Students shine a light on their lives at SMAK
What do students on a work-study programme, ENGIE and SMAK (the Municipal Museum of Contemporary Art Ghent) have in common? Shadowlife! This huge light installation will be shown during the Light Festival (which will run until February 4) and falls under ENGIE’s corporate social responsibility policy.
It is easier to awaken young people’s interest in sports than in art, yet art is an excellent way to express your feelings, especially on such often difficult subjects as sexuality, illness, crime or terrorism. This is exactly what SMAK, the Municipal Museum of Contemporary Art Ghent, has offered to 150 students aged between 16 and 19 who attend Centrum Leren en Werken (CLW), an institution specialising in work-study programmes, and Secundair Kunstinstituut (SKI), a secondary art institute.
A mammoth work of art
The students spent four months (from September to December 2017) working together in several workshops to create a monumental light installation. Everything is their own work, from the design to creation and final assembly. The various parts of their work, namely large cardboard silhouettes, plastic sculptures and stop motion films, are attached to scaffolding and play with light and shadow to express their feelings, frustrations and concerns.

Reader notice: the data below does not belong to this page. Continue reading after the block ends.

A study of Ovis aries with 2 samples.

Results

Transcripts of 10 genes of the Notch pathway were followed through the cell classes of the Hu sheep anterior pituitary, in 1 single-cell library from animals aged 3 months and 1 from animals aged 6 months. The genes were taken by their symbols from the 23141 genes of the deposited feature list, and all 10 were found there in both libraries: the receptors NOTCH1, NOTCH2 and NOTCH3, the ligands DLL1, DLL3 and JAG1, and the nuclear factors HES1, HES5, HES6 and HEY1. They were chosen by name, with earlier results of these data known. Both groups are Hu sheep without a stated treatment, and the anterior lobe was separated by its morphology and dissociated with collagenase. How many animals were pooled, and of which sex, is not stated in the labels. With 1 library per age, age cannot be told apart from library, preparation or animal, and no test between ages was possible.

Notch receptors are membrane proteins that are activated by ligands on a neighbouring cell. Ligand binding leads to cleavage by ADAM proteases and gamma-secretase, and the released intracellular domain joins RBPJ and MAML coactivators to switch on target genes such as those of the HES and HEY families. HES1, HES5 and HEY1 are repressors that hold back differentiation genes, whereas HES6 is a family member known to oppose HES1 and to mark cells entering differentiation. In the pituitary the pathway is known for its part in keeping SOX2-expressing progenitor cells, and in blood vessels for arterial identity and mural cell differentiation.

This is the fifth time that SMAK and ENGIE have teamed up to help young people who may sometimes struggle at school by giving them access to culture, encouraging reflection, getting them to look at the world differently and trust in their talent through an artistic approach that they perhaps would not have considered by themselves.
Inclusion through culture
The installation, Shadowlife, will run from January 31 up to February 4, 2018, from 5 p.m. to 10 p.m. as part of the Light Festival at Floraliënhal, behind SMAK.
ENGIE’s support for this project is in keeping with its role as a responsible stakeholder that is firmly rooted in the local community, fully assuming its corporate social responsibility with a view to, among other things, promoting the inclusion of children and young people through education, sports and culture.